The overall, long-term goal is to contribute to the understanding of processes affecting the fates and effects of drugs in the body, in terms of structures and properties of drugs and body components, by a concerted deployment of bench-top and computational techniques. The approaches can be divided into two main streams: Subcellular Pharmacokinetics and Drug-Receptor Interactions, which are integrated into Quantitative Structure-Time-Activity Relationships. QSTARs are comprehensive descriptions of pharmacokinetics and pharmacodynamics for a set of drugs. The approaches represent a basis for rational drug discovery and development. The streams are broadly described below. Individual research themes are listed here:
|Drug-phospholipid Interactions||Slow Inhibition Kinetics of Metzincins|
|Subcellular Pharmacokinetics||Receptor-based Affinity Predictions|
|Similarity of Metzincins||QM/MM Prediction of Metzincin Affinities|
|Prediction of Distribution Volume||Multi-species, Multi-mode Binding|
Subcellular Pharmacokinetics aims at a description of the rate and extent of drug disposition in the body. Most drugs cross the majority of membranes in the body by passive diffusion through phospholipid bilayers. This simple process is still not understood to a level allowing accurate and reliable structure-based predictions.
Trans-bilayer transport and accumulation are studied in experimental systems like immobilized phospholipid monolayers, liposomes, cells, and tissues using isothermal titration calorimetry, fluorescence spectroscopy, confocal fluorescence microscopy, and conventional analytical techniques (HPLC, GC-MS). The analysis is using drug solvation data in the surrogate phase for headgroups, the hydrated di-acetyl phosphatidylcholine.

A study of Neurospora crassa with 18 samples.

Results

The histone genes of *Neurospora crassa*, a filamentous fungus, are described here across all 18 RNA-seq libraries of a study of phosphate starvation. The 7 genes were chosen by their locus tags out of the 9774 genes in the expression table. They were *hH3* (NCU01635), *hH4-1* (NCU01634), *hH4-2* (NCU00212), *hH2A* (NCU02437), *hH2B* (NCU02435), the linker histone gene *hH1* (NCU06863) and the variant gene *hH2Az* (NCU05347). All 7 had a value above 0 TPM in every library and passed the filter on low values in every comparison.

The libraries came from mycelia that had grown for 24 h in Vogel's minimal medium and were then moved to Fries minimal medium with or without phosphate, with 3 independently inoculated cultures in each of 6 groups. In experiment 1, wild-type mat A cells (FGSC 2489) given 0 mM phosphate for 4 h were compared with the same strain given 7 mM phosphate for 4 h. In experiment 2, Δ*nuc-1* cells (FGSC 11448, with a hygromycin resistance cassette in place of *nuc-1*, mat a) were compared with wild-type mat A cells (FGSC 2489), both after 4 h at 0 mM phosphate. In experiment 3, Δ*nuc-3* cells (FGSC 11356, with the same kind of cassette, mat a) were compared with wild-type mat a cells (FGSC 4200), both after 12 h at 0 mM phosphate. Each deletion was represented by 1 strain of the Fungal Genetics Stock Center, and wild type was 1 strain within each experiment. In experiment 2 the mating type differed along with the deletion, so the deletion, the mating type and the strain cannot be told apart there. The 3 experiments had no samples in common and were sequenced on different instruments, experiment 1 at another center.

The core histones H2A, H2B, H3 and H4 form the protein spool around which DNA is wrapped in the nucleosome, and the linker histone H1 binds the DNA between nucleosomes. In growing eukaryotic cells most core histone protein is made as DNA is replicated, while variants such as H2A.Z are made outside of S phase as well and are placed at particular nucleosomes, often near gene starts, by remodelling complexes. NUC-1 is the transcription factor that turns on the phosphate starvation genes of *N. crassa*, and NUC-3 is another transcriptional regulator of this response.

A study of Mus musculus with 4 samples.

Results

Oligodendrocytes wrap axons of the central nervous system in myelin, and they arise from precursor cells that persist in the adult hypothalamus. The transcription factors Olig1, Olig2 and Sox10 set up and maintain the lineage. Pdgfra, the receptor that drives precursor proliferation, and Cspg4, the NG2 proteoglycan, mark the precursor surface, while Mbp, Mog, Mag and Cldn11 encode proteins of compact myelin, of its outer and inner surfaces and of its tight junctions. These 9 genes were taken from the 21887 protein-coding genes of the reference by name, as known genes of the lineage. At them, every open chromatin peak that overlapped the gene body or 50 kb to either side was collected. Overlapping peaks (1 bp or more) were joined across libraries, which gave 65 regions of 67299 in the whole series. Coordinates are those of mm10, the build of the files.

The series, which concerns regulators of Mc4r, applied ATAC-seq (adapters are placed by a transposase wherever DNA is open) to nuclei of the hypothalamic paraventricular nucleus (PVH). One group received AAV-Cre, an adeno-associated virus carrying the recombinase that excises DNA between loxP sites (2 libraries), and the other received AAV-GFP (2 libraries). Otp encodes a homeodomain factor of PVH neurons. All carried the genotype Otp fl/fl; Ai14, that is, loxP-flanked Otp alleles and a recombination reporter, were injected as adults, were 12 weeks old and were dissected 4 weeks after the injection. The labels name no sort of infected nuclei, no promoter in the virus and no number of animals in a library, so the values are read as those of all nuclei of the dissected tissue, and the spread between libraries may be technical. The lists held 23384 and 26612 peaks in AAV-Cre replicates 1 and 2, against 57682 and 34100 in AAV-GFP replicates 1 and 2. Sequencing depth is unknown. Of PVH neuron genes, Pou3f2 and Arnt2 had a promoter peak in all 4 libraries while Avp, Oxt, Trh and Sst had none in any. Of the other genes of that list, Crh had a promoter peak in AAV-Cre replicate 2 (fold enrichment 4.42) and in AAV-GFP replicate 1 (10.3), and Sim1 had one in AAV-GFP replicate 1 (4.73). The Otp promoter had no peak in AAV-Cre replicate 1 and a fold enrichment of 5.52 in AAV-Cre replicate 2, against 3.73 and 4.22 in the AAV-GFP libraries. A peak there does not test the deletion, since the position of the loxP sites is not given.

The results are analyzed by fitting conceptual models to the experimental data. The obtained transport (micro)parameters are related to drug and bilayer structures and properties utilizing computational techniques like molecular dynamics at the atomic and coarse-grain levels. Finally, the data characterizing one monolayer or bilayer are used to simulate drug distribution in more complex systems (cells, tissues, etc.).
The bilayer-based models describe well passive trans-cellular absorption and, after integration with protein binding, also distribution. This framework can be extended by adding excretion and metabolism, The resulting models of Subcellular Pharmacokinetics are comprehensive kinetic descriptions of drug fates in the body.
Prediction of Distribution Volume is based on the in vitro measurement and prediction of binding to the preponderant body constituents: phospholipids, triglycerides, albumin, extracellular matrix, and actin. Binding to proteins cannot be approximated by physicochemical properties of chemicals and 3D-QSAR models are necessary.
Drug-Receptor Interactions are the key steps in drug action and need to be estimated as precisely as possible. We use and develop both ligand-based and structure-based computational approaches.
The lab pioneered the conceptual use of multiple bound ligand orientations or conformations (binding modes) in the receptor site modeling. The classical approaches suffer from the need to define one active mode, in which all studied molecules are to be aligned. Multi-mode approach allows the user to input several modes and the procedure objectively selects the best mode(s). Our approach provides a straightforward treatment of multiple drug species, such as protomers and tautomers, interacting with the receptor. The multi-species, multi-mode approach is being implemented in Comparative Molecular Field Analysis (CoMFA) that represents the most frequently used ligand-based (3D-QSAR) method.
The energies of binding to receptors of known structures are computationally estimated using molecular dynamics-based methods. We improved the Linear Response method by replacing the ensemble averages of van der Waals and electrostatic interactions by the QM/MM energy of time-averaged structures from the simulations.
The drug-receptor interactions are also studied experimentally, using state-of-the-art spectroscopic and calorimetric techniques. We are focusing on matrix metalloproteinases (MMPs) and other metzincins because they are implicated in diseases like cancer metastasis, arthritis, and neurological disorders. The inhibitors, which are used to treat aberrant activities of these enzymes, frequently need up to several hours to exert full, steady-state effects. This period can be prohibitively long in vivo. We analyze the slow metzincin inhibition and strive to identify the rate-limiting step.